Most of us don’t think about retirement. Often until it’s too late.

A recent report by the Carson Institutional Alliance said that the average amount of thought that 49% of non-retirees gave to retirement planning was “Little to None.” Only 16% of respondents said they gave retirement planning a “Fair amount” of time.

An Opportunity to Inform

Equally as worrisome – or an opportunity to educate, enlighten, and edify if you’re an RIA or financial advisor who markets your practice to pre-retirees – is that merely 11% of pre-retirees thought of retirement issues a “High Amount” of the time.

Of the generation closest to retirement (ages 55 to 64) who have at least thought of retirement issues:

  • Nearly one-fourth expected to still be working past age 65.

  • 18% planned to retire from their full-time career and begin a new part-time job.

  • 9% thought that they would start their own business.

  • Only 18% harbored the idea that they would retire and work no more.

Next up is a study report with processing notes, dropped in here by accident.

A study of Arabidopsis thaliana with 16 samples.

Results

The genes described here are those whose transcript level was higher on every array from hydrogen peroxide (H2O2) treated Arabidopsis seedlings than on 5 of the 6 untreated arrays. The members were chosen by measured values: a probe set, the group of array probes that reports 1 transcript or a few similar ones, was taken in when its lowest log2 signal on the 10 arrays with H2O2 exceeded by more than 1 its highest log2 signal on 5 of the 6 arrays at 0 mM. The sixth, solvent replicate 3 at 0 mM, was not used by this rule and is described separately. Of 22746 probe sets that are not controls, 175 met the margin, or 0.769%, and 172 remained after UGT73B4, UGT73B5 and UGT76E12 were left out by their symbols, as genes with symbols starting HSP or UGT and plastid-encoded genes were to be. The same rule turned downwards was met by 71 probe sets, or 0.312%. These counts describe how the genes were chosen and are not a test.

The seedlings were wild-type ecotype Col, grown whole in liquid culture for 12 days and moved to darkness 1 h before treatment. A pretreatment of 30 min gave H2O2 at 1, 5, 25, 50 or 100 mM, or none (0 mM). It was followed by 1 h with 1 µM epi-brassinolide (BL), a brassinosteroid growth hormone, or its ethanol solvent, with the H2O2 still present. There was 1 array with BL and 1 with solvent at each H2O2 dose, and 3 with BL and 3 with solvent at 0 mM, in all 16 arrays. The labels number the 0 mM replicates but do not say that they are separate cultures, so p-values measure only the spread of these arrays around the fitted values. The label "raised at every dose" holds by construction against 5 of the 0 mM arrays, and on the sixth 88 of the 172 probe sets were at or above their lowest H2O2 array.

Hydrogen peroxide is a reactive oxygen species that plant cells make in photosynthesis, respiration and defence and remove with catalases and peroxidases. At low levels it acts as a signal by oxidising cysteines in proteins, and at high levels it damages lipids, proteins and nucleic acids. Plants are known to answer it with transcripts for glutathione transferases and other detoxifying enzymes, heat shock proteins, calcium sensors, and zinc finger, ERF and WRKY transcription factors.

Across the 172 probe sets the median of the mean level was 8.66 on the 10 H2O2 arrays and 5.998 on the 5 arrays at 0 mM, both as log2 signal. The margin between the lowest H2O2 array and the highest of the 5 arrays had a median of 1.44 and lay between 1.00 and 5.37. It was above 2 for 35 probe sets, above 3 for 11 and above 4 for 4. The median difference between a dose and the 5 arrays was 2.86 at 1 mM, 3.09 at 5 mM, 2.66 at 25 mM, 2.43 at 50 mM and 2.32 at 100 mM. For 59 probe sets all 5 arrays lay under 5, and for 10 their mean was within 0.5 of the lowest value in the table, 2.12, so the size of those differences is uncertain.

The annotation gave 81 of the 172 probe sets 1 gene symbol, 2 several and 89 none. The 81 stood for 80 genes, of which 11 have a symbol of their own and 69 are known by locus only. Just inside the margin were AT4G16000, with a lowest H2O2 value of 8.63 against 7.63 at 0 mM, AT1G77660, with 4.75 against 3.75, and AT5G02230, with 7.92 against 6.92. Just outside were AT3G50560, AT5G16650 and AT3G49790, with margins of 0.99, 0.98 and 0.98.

Expenses May Go Up, Not Down, In Retirement

Advisors know this, but advisees may not: when people retire, their expenses will not likely go down. Well, perhaps true, if their house is paid off, or close to it. The same could be true for college expenses for the children. (Unless, of course, the kids have moved back home, or started graduate school, or both.) Expenses for business commuting, clothes, and dry cleaning will probably go down as well.

However, the cost of health care, health insurance premiums, and prescription medicine may increase during retirement. As could discretionary cost for travel and entertainment, and non-discretionary property taxes increases.

Then there’s the hidden tax of inflation. Inflation erodes the value of money over time. For example, $10,000 in today’s dollars would have the buying power of only $5,900 in 20 years if inflation averaged just 3% per year.

Your client’s transition from a leather desk chair to a comfortable deck chair can be helped with your active involvement, planning, and advice. Too many people are unprepared for retirement. That’s what an advisors’ got to do with it.